Time to Copy Buffett's Buy Order?

Sometimes I'm struck by the fleeting idea that we pay too much attention to Warren Buffett's thoughts and the stocks that make up Berkshire Hathaway's (NYSE: BRK-A  ) (NYSE: BRK-B  ) portfolio. Nevertheless, from my perspective, my Foolish colleague Morgan Housel's recent news that Buffett's been actively buying ConocoPhillips (NYSE: COP  ) is a big positive.

Oh sure, Buffett may have bought it for reasons that wouldn't hold today, since as of June 30, it was reported that Berkshire owned 59.7 million shares of the Houston-based member of Big Oil. And by Sept. 30, Buffett's Conoco stash had climbed to 84 million shares, making Berkshire the company's largest holder. So, he apparently did a majority of his buying when oil prices were zooming upward, before they topped out above $145 a barrel in July.

But, while Warren and I don't travel in the same circles, I'd be surprised if he were to use a descent to $55 crude -- or even $45 -- as an excuse to lighten his Conoco load now. As you know, he practices exactly what we constantly counsel our Foolish friends to use as their investment mantra: buy and hold. And while the precipitous slide in crude has shocked the pants off energy seers everywhere, there's logic in the notion that, with all sorts of major oil and gas projects being chopped across the globe, any sort of return to economic normality risks leaving crude supplies well short of demand.

So, where Buffett has led the way by gobbling ConocoPhillips shares, it's an ideal time for Fools to follow suit at significantly lower prices. After all, ConocoPhillips' shares are currently trading about 50% lower than their 52-week high.

That being the case, there are actually several ways to approach a Big Oil component of your portfolio. For instance, ConocoPhillips gives you a skinny 5.9 times forward P/E and a 4% yield, while BP's (NYSE: BP  ) forward P/E is 6.3 times, and its dividend yield is an eye-opening 7.7%.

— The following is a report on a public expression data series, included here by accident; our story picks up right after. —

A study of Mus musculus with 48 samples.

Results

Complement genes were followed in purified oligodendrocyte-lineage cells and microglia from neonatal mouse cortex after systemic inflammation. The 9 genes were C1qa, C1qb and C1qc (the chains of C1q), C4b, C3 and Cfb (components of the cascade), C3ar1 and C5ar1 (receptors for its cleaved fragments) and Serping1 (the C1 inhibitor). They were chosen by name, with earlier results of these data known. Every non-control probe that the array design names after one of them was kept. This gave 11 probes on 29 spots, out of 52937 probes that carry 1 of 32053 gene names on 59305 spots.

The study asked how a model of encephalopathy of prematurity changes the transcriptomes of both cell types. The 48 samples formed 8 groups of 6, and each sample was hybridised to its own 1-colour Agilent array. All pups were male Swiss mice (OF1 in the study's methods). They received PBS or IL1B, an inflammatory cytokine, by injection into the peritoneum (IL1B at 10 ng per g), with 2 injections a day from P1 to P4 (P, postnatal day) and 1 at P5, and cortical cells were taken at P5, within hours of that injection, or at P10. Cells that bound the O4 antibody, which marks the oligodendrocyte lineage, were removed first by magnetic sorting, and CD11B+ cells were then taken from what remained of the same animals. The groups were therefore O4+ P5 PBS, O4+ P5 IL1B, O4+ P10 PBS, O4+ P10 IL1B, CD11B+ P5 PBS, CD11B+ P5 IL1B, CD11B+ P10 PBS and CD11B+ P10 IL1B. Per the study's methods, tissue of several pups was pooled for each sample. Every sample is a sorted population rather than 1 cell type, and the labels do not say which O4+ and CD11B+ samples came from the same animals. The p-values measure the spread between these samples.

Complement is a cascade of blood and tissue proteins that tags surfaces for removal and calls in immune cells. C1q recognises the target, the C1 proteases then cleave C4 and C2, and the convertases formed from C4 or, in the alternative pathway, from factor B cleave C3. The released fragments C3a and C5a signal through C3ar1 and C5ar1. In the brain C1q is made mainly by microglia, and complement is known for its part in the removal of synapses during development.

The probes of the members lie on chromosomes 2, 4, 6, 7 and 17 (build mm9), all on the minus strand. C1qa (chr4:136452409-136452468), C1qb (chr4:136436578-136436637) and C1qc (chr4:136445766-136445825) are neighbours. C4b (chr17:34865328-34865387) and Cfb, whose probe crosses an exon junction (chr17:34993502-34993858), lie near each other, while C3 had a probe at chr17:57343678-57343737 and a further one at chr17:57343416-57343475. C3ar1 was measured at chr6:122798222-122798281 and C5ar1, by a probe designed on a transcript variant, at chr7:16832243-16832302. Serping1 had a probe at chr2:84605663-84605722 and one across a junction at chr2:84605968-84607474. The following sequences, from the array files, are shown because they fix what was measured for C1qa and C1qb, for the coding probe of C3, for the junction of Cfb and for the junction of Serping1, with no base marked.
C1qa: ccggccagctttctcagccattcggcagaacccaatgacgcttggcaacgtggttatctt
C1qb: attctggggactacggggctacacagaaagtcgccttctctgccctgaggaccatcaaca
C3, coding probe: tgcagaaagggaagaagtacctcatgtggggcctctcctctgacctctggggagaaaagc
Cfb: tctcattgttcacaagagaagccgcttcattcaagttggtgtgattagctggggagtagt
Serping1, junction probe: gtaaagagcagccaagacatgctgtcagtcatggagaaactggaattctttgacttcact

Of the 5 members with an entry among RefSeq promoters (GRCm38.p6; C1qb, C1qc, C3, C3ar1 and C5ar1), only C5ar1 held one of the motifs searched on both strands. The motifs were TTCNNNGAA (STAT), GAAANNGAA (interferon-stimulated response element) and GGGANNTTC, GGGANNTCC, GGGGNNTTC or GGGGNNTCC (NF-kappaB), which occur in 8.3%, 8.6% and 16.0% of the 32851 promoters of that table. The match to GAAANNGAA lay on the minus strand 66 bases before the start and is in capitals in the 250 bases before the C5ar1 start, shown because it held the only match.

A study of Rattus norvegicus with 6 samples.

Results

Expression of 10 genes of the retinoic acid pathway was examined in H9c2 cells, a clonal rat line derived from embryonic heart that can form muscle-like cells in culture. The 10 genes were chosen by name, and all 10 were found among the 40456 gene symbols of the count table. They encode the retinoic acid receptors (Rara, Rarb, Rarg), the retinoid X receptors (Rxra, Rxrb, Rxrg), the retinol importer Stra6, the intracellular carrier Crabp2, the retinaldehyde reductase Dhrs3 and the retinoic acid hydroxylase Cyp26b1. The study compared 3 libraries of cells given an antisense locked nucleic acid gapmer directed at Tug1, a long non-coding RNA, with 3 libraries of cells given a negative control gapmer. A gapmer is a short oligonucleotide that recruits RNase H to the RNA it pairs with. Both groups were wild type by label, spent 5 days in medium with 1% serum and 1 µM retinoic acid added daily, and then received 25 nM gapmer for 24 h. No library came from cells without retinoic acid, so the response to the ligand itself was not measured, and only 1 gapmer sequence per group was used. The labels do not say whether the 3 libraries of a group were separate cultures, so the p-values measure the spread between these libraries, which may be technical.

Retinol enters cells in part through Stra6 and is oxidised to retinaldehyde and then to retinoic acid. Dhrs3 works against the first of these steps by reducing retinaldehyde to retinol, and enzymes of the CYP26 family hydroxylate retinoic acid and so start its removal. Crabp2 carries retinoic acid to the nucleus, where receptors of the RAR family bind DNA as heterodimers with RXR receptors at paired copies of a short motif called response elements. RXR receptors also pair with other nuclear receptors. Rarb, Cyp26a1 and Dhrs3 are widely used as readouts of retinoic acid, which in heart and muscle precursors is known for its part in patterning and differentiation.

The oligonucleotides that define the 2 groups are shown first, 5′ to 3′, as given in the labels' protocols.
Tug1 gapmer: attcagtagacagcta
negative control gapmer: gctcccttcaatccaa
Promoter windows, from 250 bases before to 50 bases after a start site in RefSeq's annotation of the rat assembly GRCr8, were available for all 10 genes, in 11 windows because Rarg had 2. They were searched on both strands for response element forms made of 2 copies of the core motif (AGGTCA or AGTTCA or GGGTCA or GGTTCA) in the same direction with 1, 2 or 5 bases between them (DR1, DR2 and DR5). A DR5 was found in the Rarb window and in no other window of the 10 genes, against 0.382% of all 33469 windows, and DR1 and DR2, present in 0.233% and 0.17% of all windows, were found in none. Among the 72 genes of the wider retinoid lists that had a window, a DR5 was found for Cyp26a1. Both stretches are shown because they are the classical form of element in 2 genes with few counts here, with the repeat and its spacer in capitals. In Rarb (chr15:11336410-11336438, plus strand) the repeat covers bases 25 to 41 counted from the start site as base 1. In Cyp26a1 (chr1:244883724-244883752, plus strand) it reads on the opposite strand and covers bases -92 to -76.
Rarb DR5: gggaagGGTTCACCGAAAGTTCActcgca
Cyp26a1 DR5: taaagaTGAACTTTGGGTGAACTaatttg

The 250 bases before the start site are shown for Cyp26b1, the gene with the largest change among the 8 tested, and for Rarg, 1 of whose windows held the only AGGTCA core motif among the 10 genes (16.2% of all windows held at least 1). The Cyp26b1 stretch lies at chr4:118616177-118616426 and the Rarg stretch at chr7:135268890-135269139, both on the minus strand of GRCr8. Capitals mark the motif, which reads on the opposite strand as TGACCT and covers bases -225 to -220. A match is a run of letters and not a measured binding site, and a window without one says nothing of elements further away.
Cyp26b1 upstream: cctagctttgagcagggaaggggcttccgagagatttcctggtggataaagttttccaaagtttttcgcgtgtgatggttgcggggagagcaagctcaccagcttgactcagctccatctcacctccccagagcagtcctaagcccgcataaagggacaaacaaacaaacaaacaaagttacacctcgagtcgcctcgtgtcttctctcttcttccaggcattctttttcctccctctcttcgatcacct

And then there's industry leader ExxonMobil (NYSE: XOM  ) , whose 10 times forward P/E may tell you something about the company's exalted position among its peers, despite its yield of 2.2% being less than a third of BP's. I also wouldn't rule out Chevron (NYSE: CVX  ) , the second-largest U.S.-based oil company.

The key is for Fools to realize that, despite what we might have thought last spring, energy hasn't shed its cyclicality. As such, it appears that we've been dropped into the middle of a time when buy-and-hold practitioners can build positions in some very solid companies at far less than they'd have paid not too long ago.

More than 4,000 Motley Fool investors have accorded ConocoPhillips a top-of-the-line five-star CAPS rating. Does that include your vote?

For related Foolishness:

Berkshire Hathaway is a recommendation of both Inside Value and Stock Advisor, and the Fool owns shares.

Fool contributor David Lee Smith doesn't own shares in any of the companies mentioned above. He does, however, welcome your questions or comments. The Fool has a disclosure policy.



    Dear Fellow Fools.

    I love to buy and hold, BRK/B, I have never seen this ugly. I know not to bail at the bottom. Like a smal child in the back seat, are we there yet? stonystonehenge

  • Report this Comment On November 19, 2008, at 5:12 PM, GoNuke wrote:

    read the world energy outlook 2008 report:

    http://www.worldenergyoutlook.org/

    The following is a precis of a free article about the report that appeared in IndustrialInfo.com

    IEA's World Energy Outlook 2008 forecasts supply and demand for energy over the next 22 years:

    -world needs to invest $26.3 trillion by 2030, $4 trillion more than last year's estimate or $1 trillion per year;

    -world's 800-plus oil fields will experience faster declines;

    -industry to move offshore and into smaller production fields;

    -investment needed to increase oil production; Gas and oil exploration and production companies are postponing investment due to falling crude oil prices 56.48 a barrel last week;

    -even if economic growth slows energy demand will grow 1.6% a year from 2006 to 2030, an increase of 45%.

    Even if oil demand remains flat to 2030 world needs extra 45 million barrels per day of gross capacity by 2030 to offset decline in existing oil-field production -- roughly four times the current capacity of Saudi Arabia.

    When demand picks up again in 2010 supply crunch will push prices higher than 2008 peak if the current investment plans are postponed.